German firm CMS Hasche Sigle poised to set a new high in insolvency fees
It’s no secret that while the collapse of a big company is a disaster for many employees law firms often do quite well out of it. As The Lawyer reported last year, legal fees of over £100,000 were racked up in just six weeks for the Comet administration while Weil Gotshal & Manges has billed more than £15m on the MF Global UK administration.
But CMS Hasche Sigle in Germany may be about to break all records for insolvency fees. The firm has been acting for the administrators of Lehman Brothers in Germany since November 2008.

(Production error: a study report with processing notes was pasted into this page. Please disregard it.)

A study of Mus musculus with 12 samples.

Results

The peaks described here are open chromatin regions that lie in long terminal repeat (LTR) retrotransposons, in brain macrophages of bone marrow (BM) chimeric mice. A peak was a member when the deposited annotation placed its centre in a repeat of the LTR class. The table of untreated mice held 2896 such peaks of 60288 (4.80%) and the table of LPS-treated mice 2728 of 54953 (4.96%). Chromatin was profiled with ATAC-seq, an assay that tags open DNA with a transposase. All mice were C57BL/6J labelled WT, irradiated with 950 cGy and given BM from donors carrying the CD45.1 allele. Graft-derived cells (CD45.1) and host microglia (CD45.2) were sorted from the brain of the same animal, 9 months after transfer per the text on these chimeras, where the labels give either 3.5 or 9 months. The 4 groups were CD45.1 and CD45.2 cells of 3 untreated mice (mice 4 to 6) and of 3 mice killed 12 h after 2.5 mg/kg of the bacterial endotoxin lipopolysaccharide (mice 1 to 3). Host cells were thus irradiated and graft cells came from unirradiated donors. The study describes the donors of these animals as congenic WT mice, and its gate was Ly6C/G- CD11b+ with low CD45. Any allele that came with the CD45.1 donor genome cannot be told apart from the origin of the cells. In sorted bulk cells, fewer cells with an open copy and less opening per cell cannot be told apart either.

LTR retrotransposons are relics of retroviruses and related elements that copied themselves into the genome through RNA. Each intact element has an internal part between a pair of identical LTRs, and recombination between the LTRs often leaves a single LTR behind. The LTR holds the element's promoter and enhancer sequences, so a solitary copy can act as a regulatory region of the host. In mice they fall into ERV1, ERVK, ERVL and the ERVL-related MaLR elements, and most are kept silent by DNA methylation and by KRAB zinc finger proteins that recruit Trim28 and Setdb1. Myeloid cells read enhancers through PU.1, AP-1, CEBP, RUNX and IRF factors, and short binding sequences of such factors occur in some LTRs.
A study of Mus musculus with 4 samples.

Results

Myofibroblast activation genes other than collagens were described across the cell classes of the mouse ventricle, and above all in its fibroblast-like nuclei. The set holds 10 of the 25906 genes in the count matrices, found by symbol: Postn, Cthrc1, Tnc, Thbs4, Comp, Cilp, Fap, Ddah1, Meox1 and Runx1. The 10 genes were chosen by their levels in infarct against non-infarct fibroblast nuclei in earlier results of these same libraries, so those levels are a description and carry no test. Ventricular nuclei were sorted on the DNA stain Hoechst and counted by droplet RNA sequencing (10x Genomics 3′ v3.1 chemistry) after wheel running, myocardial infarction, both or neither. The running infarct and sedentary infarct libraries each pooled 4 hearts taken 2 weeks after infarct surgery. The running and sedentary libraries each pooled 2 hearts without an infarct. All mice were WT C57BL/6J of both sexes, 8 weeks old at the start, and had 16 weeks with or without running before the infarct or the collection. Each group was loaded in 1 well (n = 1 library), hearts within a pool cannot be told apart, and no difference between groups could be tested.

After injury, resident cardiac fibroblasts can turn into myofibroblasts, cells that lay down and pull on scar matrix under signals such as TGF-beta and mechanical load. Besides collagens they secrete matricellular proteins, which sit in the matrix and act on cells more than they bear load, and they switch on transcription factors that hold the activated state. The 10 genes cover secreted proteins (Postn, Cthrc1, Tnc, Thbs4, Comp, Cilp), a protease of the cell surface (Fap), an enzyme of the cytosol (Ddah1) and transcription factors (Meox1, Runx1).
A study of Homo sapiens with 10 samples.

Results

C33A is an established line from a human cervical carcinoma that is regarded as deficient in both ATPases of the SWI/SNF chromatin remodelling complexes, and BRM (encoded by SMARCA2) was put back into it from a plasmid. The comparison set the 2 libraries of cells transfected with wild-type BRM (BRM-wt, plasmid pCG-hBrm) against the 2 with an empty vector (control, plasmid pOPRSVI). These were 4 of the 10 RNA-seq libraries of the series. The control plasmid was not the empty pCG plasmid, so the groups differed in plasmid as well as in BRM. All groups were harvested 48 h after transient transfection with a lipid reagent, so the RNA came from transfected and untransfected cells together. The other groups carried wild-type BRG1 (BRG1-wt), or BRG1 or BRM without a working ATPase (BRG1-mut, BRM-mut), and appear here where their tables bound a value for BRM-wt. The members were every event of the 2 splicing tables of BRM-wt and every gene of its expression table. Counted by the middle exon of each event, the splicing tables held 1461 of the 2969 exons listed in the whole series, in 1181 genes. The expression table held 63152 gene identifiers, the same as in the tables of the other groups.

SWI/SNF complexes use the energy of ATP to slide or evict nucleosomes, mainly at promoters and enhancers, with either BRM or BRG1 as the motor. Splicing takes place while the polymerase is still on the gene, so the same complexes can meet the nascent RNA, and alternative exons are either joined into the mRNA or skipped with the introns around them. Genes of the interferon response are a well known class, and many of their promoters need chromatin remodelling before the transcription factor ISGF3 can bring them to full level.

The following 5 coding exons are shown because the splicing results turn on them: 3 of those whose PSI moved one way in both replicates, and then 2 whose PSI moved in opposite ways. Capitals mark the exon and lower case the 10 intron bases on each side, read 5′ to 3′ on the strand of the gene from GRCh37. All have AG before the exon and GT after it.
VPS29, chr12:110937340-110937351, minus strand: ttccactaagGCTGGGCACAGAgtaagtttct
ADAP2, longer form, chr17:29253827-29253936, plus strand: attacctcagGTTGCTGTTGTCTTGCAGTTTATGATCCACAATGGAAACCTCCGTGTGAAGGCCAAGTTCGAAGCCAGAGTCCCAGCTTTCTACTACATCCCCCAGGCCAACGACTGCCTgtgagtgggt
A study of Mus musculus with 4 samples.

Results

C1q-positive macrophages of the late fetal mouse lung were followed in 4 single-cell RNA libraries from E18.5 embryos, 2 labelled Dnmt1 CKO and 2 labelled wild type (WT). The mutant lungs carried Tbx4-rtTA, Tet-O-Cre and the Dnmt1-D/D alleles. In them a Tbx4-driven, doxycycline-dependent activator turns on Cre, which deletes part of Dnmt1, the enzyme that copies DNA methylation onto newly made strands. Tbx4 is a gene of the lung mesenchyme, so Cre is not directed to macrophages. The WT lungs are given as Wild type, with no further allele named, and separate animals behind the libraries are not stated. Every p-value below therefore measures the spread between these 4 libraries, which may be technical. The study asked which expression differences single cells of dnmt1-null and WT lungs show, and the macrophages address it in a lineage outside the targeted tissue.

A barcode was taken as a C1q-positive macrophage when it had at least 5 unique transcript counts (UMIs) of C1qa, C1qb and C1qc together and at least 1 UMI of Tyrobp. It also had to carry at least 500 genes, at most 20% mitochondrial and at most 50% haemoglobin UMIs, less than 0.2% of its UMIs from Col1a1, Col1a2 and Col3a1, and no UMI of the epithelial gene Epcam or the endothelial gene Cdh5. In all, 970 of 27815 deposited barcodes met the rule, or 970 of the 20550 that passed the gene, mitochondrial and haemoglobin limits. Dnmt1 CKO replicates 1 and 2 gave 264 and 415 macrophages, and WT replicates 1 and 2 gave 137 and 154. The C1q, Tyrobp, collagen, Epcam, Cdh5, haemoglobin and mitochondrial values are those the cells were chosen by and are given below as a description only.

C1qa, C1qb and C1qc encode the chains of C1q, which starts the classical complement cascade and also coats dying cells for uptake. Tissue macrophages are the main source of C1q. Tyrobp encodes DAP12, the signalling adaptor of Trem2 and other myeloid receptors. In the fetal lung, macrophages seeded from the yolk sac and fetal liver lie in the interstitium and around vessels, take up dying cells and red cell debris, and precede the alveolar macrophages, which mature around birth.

The team, led by partner Michael Frege, has so far billed €70m (£58.8m) for its work, which has returned €15bn to the estate, but according to a report by Ulrich Keller of the Berlin School of Economics and Law, the final figure could reach €800m.
To put that into context, Weil was the biggest biller on the US insolvency proceedings for Lehmans, billing $383m (£244m). CMS Hasche Sigle’s 2011 turnover was, according to German trade magazine JuVe, €226m.
Under local insolvency rules the fees will have to be approved by the court managing the process in Frankfurt and Lehmans creditors may well lodge objections if the bill is as high as some are predicting.
CMS Hasche Sigle managing partner Hubertus Kolster says costs have reached “about” €200m, adding: “What they will reach depends on the complexity and volume of further tasks.”
Given that more than 100 people are occupied on the job €200m is probably good value, but €800m? That is yet to be determined.